Re-Marking Pieces of Term Work
If you believe that your written term work has a substantive error in grading, you may ask the person who marked the work for re-evaluation. Students have up to one month from the date of return of an item of term work or from the date the mark was made available to inquire about the mark and file an appeal. For example, should the work be returned or the mark be made available on March 3rd, the student has until April 3rd to inquire in writing and start the remarking process. Instructors must acknowledge receipt of a student request for remarking within 3-working days, and decisions should be provided in a timely fashion.
If an academic misconduct case is in progress for the piece of term work in question, you may not appeal until the matter is resolved.
Regrade requests for term work worth less than 20% of the final mark may be submitted to the person who marked the work for re-evaluation. The student must submit (1) the original piece of work and (2) a written explanation indentifying in detail why they believe there is a substantive error in grading. If the student is not satisfied with this re-evaluation, he or she may appeal to the instructor in charge of the course if the work was not marked by the instructor (e.g., was marked by a TA). In those instances where the instructor was not the one who marked the work, the student must now submit to the instructor (1) the original piece of work, (2) the written reasons as to why they believe the work was unfairly/incorrectly marked, and (3) communications from the original marker as to why no change in mark was made. If a remarking is granted by an instructor, the student must accept the resulting mark as the new mark, whether it goes up or down or remains the same. Continuing with the remark or the appeal means the student accepts this condition. Instructors and TAs should ensure all communication with the student is in writing (e.g. follow-up email) and keep a copy for later reference.
Only term work worth at least 20% of the course mark may be appealed beyond the instructor. Such appeals must first follow the same guidelines as those mentioned directly above for work worth less than 20%. To escalate an appeal beyond the instructor, the student must submit to the academic counsellor (1) all previous communications between the student, original marker, and the instructor (2) the detailed reason(s) documenting why the mark for the work was inappropriate and (3) the original piece of work. If the department believes that re-marking is justified, the department shall select an independent reader. The student must agree in writing to be bound by the results of the re-reading process or abandon the appeal. Again, the student must accept that the mark resulting from the appeal may be higher or lower or the same as the original mark.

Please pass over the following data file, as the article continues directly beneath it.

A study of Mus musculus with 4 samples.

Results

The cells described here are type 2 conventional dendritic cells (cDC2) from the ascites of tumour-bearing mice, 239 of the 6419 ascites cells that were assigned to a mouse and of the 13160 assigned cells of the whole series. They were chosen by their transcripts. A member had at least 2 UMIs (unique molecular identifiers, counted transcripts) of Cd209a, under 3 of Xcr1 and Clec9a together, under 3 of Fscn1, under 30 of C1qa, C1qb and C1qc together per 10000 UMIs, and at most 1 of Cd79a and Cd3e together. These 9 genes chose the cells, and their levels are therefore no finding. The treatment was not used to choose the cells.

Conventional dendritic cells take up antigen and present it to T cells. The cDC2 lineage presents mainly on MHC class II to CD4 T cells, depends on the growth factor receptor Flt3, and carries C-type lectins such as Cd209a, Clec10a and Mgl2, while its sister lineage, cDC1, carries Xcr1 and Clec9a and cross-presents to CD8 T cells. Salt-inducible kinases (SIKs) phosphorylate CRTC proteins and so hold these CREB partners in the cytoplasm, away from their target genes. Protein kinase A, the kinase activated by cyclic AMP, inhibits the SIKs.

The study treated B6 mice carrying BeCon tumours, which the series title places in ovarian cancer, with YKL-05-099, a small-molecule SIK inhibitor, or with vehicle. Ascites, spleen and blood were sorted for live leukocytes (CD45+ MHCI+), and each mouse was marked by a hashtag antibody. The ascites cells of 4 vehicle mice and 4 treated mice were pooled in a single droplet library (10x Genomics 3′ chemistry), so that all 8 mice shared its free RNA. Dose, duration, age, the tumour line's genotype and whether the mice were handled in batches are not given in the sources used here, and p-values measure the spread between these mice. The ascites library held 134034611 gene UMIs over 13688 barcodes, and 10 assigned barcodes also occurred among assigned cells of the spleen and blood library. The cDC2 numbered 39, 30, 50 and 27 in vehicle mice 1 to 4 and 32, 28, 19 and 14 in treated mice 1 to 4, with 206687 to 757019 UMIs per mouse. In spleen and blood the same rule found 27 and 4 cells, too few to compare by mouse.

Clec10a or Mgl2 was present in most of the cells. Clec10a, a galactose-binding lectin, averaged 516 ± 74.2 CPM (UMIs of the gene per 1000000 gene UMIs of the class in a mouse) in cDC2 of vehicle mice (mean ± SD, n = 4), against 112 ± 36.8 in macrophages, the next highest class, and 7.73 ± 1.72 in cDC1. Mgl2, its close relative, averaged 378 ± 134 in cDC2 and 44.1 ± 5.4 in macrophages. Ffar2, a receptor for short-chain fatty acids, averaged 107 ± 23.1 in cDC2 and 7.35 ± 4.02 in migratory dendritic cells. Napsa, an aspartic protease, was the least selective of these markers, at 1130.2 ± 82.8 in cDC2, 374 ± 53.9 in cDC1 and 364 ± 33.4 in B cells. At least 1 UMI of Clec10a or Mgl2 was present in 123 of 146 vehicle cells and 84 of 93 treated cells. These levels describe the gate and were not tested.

Where possible, the independent reader should be given a clean, anonymous copy of the work. Without knowing the original assigned mark, the reader shall determine a mark for the work. The marking of the work should be considered within the context of the course of instruction for which it was submitted. If the new mark differs substantially from the original mark, the department shall determine a final mark taking into account both available marks.
The final level of appeal is to the Dean’s Office. Appeals must already have been considered at the two previous levels (Instructor followed by Department), with the decision reviewed by the head of the academic unit, before they will be considered by the Dean’s Office. Appeals must be submitted in writing, and include all previous correspondence, as soon as possible after the student receives the final response from the academic unit, but no later than one month after. Appeals to the Dean’s Office about the marking of term work will be reviewed to ensure that appropriate procedures have been followed in earlier appeals, that the student has been treated fairly, and that the standards applied have been consistent with those applied to other students doing the assignment. Any mark resulting from such an appeal will become the new mark, whether it is higher or lower or the same as the previous one.